Modifications To Insurance Policy

Dallas insurance attorneys understand that the way an insurance policy is interpreted is key to whether there is coverage and the extent of that coverage.
The Houston Court of Appeals [14th Dist.] issued an opinion last month that dealt with policy interpretation. The style of the case is, Shafaii Children’s Trust and Party and Reception Center, Inc. v. West American Insurance Company, Liberty Mutual Insurance Company, Ohio Casualty Insurance Company, and America First Insurance Company. Here is some of the relevant information.
This is a summary judgment case that was in favor of the insurance companies and Shafaii appealed.
Shafaii had numerous properties that suffered losses. One of the properties was newly acquired.
The original policy provided an extension of coverage to BPP at ―newly acquired locations at 10% of the declared limit, capped at $100,000 per building. An endorsement modified the policy by increasing the $100,000 limit to $250,000. Shafaii interpreted this $250,000 limit to be in addition to the 10% of the declared limit in the policy.
The insurance companies payed some of the losses but did not fully pay the losses to the newly acquired property. The insurers relied on the cap on coverage. Shafaii sued for breach of contract, Insurance Code and DTPA violations, and breach of the duty of good faith and fair dealing.
In upholding the trial court summary judgment in favor of the insurers, this court cited relevant Texas law saying:
“When interpreting an insurance policy, courts apply the general rules of contract construction to ascertain the parties’ intent. Our primary concern when we construe an insurance contract is to ascertain the parties’ true intent as expressed in the contract. We examine the entire agreement and seek to harmonize and give effect to all provisions so that none will be rendered meaningless. We begin our analysis with the policy’s language.
Whether an insurance contract is ambiguous is a question of law. If a policy provision has only one reasonable interpretation, it is unambiguous and we must construe it as matter of law. If the agreement is susceptible to more than one reasonable interpretation, the agreement is ambiguous. Parties’ conflicting interpretations alone do not establish ambiguity.”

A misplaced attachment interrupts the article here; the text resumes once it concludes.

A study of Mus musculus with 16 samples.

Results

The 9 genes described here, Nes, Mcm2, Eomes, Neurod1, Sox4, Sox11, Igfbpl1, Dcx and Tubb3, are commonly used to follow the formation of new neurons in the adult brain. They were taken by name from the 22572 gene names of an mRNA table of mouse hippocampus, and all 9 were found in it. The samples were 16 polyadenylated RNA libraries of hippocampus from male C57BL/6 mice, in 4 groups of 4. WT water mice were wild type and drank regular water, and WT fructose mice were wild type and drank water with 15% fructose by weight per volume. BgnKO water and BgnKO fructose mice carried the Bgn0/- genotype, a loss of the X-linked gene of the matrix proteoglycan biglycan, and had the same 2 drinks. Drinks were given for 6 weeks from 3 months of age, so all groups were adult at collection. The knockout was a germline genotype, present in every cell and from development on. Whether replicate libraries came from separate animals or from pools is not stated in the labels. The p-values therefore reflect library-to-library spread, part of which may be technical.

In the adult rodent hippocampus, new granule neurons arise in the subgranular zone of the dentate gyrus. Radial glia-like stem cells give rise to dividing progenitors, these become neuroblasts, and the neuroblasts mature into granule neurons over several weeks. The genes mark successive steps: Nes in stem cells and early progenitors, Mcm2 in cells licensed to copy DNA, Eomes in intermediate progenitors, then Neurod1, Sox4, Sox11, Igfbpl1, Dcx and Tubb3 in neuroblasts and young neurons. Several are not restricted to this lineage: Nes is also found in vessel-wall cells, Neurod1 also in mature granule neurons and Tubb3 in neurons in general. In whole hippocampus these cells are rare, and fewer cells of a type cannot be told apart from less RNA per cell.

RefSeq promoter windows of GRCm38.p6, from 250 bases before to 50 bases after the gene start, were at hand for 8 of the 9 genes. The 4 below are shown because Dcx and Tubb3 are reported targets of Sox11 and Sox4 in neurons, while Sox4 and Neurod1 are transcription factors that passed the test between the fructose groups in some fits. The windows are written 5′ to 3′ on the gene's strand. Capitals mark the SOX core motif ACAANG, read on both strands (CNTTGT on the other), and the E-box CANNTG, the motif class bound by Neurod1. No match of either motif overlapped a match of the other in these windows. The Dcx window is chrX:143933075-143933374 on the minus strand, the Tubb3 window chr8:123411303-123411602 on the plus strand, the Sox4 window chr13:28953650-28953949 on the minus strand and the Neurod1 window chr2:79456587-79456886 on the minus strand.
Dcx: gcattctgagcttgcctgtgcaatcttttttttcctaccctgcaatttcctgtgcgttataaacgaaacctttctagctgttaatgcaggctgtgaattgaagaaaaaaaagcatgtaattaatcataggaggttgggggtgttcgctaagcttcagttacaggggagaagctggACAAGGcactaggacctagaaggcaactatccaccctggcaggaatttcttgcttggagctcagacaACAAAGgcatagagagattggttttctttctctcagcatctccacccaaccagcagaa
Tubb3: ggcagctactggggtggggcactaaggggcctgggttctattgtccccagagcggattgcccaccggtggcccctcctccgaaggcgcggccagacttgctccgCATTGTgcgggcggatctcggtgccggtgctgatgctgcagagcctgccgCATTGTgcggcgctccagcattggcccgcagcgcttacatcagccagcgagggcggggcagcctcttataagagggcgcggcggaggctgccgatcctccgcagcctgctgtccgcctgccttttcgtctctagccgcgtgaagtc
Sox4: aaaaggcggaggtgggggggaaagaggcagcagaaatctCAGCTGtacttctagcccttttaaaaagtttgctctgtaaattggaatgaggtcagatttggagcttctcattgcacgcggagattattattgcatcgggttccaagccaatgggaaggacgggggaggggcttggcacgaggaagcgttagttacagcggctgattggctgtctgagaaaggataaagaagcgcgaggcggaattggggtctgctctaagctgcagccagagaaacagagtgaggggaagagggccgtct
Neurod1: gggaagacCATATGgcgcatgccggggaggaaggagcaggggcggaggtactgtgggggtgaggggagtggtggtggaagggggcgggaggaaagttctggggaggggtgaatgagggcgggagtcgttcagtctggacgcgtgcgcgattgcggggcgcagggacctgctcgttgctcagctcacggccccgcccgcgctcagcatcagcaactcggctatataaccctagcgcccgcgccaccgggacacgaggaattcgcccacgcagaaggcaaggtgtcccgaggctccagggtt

Here is the policy language:
A. COVERAGE We will pay for direct physical loss of or damage to Covered Property at the premises described in the Declarations caused by or resulting from any Covered Cause of Loss.
5. Coverage Extensions 5 Except as otherwise provided, the following Extensions apply to property located in or on the building described in the Declarations or in the open (or in a vehicle) within 100 feet of the described premises.
If a Coinsurance percentage of 80% or more or, a Value Reporting period symbol, is shown in the Declarations, you may extend the insurance provided by this Coverage Part as follows:
Newly Acquired or Constructed Property ***
(2) You may extend the insurance that applies to Your Business Personal Property to apply to that property at any location you acquire other than at fairs or exhibitions.
The most we will pay for loss or damage under this Extension is 10% of the Limit of Insurance for Your Business Personal Property shown in the Declarations, but not more than $100,000 at each building.
The endorsement modifies the insurance provided as follows:
COMMERCIAL PROPERTY COVERAGE PART The following is a summary of the enhancements provided in this endorsement. The limits and deductibles shown below apply at each designated location. If a limit is shown elsewhere in the policy for any of these coverages, then that limit applies in addition to the limits shown below. If a different deductible amount is shown in the policy for any of these coverages, then that deductible will be the applicable deductible. For complete details on the coverages provided, refer to the specific policy language.
The Coverage Extensions section of Part A COVERAGE in the Building and Personal Property Coverage Form attached to this policy is changed as follows:
B. The Your Business Personal Property limit of $100,000 shown in paragraph A.5.a.(2) is replaced with a $250,000 limit.

The court then went on to explain why they supported the trial court decision.
An experienced insurance law attorney needs to be able to read the policy language and understand the facts of a situation to be able to adequately discuss with their client the best course of action.